AMP upbeat as clouds lift despite share doldrums
Financial services company AMP has been out of favour, its shares dumped after a downgrade that raised big questions about its income protection business.
But Thursday's half-year result has boosted sentiment in AMP, which specialises in superannuation, financial planning, life insurance, banking and fund management.
Announcing his departure this week, managing director and chief executive Craig Dunn was upbeat about the company he will leave in January.
Its $440 million underlying profit came in slightly above expectations, flows to its wealth management arm are the strongest since 2007 and things have picked up in income protection since a troublesome May.
Much has also been made of the smoothness of the transition to Craig Meller compared with the torrid times of AMP's early days on the bourse. Listed life started well - its then CEO, George Trumbull, famously fist-pumped the air and declared he was "king of the world" - but there were bad buys, quick turnover of the top brass and the company knocked back a $21-a-share takeover offer from National Australia Bank.
But, having weathered the global financial crisis, with the help of a $559 million capital raising, and bought AXA Asia Pacific's Australian operations, AMP shares are well south of where they were when Mr Dunn took over in January 2008.
Bell Potter analyst Lafitani Sotiriou said although "disappointing", Mr Dunn had seen through the integration of AXA and AMP, steadied the company through the global financial crisis and left AMP in a better place.
Mr Dunn stressed the integration of AXA was almost complete, with adviser numbers and market share in superannuation growing. There was no Melbourne-Sydney divide, he said, with technology helping to bridge the gap. On the agenda is a $200 million cost-cutting program, at a cost of $320 million.
"It does cost us money to get variable costs out," Mr Meller told analysts. "Moving the IT infrastructure on to cloud computing again has a significant one-off cost component to it."
But investment bank UBS was not impressed with the $320 million, describing it as perhaps the "most expensive cost out program we've seen in the insurance sector".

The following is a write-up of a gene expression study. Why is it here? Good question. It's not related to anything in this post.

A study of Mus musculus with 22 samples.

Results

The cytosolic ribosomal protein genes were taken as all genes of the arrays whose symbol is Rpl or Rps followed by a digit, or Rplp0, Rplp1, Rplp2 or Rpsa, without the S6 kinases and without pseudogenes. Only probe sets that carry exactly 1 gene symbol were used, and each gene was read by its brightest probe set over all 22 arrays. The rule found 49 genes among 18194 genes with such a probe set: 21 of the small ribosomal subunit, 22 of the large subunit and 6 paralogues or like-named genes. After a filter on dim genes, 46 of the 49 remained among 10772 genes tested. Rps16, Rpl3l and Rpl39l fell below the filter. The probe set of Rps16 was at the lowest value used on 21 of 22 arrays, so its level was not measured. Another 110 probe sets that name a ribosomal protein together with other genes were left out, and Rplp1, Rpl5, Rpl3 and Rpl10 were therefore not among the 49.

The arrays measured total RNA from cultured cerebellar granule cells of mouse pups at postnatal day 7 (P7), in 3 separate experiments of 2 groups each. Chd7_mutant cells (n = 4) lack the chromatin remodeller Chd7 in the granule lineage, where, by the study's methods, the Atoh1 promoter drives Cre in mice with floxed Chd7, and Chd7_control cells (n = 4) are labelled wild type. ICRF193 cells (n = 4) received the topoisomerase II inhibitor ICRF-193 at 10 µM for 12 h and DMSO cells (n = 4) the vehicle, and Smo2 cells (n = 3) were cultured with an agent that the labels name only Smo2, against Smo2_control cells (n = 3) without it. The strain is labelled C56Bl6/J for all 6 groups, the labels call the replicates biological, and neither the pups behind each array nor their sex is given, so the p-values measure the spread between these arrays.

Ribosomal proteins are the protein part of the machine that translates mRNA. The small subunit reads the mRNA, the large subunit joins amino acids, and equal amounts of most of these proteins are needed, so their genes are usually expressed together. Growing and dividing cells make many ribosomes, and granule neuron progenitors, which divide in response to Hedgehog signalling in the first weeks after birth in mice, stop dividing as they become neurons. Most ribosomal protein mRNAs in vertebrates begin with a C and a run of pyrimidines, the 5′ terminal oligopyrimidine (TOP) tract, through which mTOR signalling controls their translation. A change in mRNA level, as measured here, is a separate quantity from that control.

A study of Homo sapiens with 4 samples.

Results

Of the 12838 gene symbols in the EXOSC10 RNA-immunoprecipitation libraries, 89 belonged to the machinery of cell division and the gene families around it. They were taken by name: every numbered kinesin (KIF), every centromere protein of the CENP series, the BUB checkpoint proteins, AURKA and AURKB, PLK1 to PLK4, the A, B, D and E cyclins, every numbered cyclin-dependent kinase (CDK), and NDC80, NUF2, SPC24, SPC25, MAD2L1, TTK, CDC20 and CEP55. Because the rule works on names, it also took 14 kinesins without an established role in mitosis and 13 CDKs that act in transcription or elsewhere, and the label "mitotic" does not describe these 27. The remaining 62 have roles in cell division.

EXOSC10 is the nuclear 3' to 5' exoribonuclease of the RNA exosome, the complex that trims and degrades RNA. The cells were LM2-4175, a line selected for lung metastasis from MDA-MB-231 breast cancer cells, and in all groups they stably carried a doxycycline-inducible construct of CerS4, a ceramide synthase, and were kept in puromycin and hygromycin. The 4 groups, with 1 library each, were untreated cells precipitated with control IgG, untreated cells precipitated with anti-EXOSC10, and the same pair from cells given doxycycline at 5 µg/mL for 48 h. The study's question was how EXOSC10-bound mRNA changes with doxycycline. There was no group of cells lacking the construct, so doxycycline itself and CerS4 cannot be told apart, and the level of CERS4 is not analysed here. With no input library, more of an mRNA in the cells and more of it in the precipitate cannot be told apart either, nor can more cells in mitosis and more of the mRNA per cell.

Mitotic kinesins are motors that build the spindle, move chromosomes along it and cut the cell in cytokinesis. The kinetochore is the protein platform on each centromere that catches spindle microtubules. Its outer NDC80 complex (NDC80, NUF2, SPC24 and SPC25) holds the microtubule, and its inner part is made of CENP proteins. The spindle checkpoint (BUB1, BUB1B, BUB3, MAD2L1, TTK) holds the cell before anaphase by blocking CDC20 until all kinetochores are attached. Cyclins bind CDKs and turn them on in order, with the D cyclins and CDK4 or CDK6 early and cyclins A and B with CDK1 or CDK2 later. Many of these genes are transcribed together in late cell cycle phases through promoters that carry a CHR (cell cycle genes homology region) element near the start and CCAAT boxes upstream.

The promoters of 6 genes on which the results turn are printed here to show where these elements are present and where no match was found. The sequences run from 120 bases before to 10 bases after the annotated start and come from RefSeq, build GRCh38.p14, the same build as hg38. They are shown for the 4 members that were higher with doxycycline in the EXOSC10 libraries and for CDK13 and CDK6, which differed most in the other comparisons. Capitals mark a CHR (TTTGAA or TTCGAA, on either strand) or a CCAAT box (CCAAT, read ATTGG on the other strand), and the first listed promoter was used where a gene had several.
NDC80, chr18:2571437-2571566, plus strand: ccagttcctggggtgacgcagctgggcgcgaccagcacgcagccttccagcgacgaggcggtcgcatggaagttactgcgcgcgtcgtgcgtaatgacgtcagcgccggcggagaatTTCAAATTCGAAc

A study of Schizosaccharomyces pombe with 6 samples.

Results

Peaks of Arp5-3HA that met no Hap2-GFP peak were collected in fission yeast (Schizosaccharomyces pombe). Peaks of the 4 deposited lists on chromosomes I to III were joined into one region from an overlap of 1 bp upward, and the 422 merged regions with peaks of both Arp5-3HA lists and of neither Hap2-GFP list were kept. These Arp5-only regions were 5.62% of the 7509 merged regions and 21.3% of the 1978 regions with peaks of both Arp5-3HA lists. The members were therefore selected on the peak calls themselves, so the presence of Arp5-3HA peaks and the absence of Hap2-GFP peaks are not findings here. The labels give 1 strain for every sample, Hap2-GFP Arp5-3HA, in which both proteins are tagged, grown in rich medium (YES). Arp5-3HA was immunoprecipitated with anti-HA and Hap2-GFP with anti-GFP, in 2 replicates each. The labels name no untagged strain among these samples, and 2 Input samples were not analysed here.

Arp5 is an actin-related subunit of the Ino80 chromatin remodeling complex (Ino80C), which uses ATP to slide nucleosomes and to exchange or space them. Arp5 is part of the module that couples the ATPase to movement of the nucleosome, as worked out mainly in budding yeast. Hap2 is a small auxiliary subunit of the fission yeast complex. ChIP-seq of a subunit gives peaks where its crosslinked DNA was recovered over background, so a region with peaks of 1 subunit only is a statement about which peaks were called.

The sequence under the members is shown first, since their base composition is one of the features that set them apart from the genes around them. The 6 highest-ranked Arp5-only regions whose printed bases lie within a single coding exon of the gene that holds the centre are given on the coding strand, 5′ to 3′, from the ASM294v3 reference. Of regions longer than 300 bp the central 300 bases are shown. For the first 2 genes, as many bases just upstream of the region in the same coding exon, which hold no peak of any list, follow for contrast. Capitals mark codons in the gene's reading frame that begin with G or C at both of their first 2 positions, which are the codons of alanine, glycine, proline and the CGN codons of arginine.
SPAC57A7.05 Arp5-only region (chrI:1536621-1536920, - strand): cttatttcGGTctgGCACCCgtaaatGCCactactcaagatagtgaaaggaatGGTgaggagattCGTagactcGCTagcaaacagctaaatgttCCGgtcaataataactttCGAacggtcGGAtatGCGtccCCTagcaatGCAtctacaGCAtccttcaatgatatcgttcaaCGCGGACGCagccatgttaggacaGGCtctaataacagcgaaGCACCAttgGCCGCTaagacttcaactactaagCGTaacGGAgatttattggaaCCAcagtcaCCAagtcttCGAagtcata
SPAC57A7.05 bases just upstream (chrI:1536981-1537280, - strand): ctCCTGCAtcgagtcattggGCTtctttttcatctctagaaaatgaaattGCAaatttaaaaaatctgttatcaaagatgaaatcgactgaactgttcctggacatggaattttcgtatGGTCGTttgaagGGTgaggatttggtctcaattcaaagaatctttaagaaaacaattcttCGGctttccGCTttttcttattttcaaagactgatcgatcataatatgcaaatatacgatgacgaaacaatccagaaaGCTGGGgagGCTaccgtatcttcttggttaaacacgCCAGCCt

"In aggregate, AMP will have expensed close to $900 million in costs below the underlying profit line over a four to five-year period," analysts James Coghill and Scott Olsson said in a note to clients.
Macquarie was also wary, saying: "The ratio of benefit to cost appears low given the high contribution of AMP's overall cost from salary and wages.
"This may reflect legacy issues in AMP operations and systems."
The investment bank added that it preferred stocks without exposure to life insurance, which AMP has suggested will not pick up in the medium term.
Another area of focus will be servicing the growing customer need to check and adjust their investments online, in addition to consulting with planners face to face.
"Clients are saying they want to continue to deal with their planner but they also want to be able to see what's going on in [the platform] North, move their own money around if they choose to and they want internet mobile access to that as much as the opportunities to speak directly to their planner," the company told analysts.
AMP recently said it was "time to blow the whistle on more changes to superannuation". Labor and the Coalition have pledged no adverse changes to the taxation of super for the next few years at least.
This is good news for AMP, often viewed as a proxy for the country's enormous retail super industry.
Bell Potter said: "AMP remains the single large cap play on Australia's superannuation landscape which is forecast to more than double in less than 10 years ... all parts of the business appear to have passed the respective cyclical low points."